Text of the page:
When it became clear that the current health crisis would prevent OZ Arts Nashville from hosting live performances, artist Jana Harper got creative by reimagining her piece, This Holding: Traces of Contact, as a video project filmed in locations around Nashville.
Now, the timely and unique dance film is set to premiere on May 29 at 8 p.m. across its website and social platforms.
“Reframing the project has allowed us to address the impact of the pandemic on the fabric of all our lives,” Harper says.
The subtitle, Traces of Contact, reflects the person-to-person tracking method made necessary by the Covid-19 pandemic, the transition from live performance to film, and the effect of physical contact limitations on movement-based work.
“As you can imagine, the initial news about cancelling the live performance was quite devastating,” she says, “but I am truly grateful to OZ Arts and our funders for both allowing and encouraging us to pivot towards film.”
The piece examines individual and collective burdens and what it means to feel connected to something larger than ourselves—especially when apart. All videos were shot at outdoor locations in Nashville during isolation and with requisite space between dancers. So, if at any point the dancers touch, they are performers who have been quarantined together.
“The conditions were challenging, but the restrictions of social and physical distance also became tremendous sources of creativity and insight,” Harper says.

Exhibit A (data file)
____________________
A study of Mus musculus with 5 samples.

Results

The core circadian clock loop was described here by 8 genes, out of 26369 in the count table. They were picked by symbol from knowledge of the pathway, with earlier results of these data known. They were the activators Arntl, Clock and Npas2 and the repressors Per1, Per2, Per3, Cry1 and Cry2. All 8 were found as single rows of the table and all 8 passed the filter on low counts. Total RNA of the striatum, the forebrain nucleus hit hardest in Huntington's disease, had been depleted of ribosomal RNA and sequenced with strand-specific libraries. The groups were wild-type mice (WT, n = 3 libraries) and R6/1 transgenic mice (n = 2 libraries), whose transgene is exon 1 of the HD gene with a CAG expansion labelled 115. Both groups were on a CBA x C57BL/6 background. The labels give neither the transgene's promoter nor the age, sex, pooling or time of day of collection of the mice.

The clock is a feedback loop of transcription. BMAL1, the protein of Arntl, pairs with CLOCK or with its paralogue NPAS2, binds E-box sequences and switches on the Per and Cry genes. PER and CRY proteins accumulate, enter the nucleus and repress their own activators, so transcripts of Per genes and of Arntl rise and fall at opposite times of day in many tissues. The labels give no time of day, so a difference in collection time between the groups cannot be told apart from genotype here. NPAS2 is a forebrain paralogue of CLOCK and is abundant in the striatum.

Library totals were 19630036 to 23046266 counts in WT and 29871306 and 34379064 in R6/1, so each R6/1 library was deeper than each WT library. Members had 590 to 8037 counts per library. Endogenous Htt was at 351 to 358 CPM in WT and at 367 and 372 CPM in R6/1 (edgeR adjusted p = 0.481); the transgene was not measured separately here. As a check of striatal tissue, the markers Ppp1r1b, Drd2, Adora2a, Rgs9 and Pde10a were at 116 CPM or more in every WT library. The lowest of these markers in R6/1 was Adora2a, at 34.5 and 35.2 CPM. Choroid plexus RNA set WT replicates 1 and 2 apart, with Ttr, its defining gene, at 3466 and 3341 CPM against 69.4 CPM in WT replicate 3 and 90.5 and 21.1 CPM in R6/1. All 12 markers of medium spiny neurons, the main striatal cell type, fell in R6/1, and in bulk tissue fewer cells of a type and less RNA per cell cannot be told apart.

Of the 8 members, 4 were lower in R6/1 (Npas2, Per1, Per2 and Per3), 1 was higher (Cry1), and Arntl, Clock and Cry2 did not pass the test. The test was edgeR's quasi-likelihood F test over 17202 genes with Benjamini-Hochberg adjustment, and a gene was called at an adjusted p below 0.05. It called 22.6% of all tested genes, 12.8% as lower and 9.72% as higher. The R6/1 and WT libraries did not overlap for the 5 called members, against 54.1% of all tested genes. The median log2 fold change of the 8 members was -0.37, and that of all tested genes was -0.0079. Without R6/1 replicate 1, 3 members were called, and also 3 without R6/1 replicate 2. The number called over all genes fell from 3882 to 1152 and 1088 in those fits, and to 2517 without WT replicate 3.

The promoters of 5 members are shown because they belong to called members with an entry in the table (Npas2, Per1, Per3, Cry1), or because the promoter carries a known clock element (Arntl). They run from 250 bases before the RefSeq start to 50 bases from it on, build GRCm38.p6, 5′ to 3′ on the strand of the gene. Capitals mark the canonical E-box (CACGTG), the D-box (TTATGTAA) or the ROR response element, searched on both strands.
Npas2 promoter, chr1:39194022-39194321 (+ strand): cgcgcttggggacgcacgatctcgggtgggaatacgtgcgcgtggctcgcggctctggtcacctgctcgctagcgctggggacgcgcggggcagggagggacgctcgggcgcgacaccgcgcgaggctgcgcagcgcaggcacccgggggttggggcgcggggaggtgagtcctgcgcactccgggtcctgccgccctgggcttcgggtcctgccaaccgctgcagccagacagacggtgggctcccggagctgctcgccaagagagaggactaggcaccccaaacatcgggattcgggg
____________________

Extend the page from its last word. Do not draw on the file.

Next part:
Harper conceived and directed he resulting multi-disciplinary performance film in collaboration with choreographer Rebecca Steinberg, composer/musician Moksha Sommer, and filmmaker Sam Boyette, using physical movement to explore personal empathy and the shared human experience. It also features dancers associated with contemporary dance company New Dialect.
More than a year in the making, Harper worked with dozens of participants in a series of workshops and improvisations about themes that are even more relevant during a pandemic — timely issues about the relationship of an individual to the larger community and the responsibilities and burdens we share during difficult times.
“The work has taken on new meaning post-tornado and with the physical, social, and work restrictions in place for many of us,” says Mark Murphy, OZ Arts Executive and Artistic Director. “I hope it inspires viewers and reminds us of our shared values, and the resilience and spirit of community and humanity that carries people through difficult times. I’m thrilled by the innovative approach and beautiful vision these Nashville-based artists have implemented to make this performance film accessible to audiences around the globe.”
The film is free to view with an optional “pay-what-you-can” donation, and viewers are encouraged to RSVP in advance to receive exclusive behind-the-scenes content and event reminders. Viewers who watch the film premiere will have the opportunity to participate in a live Q&A with the artists.
Visit OZ Arts for more information about the organization and this performance.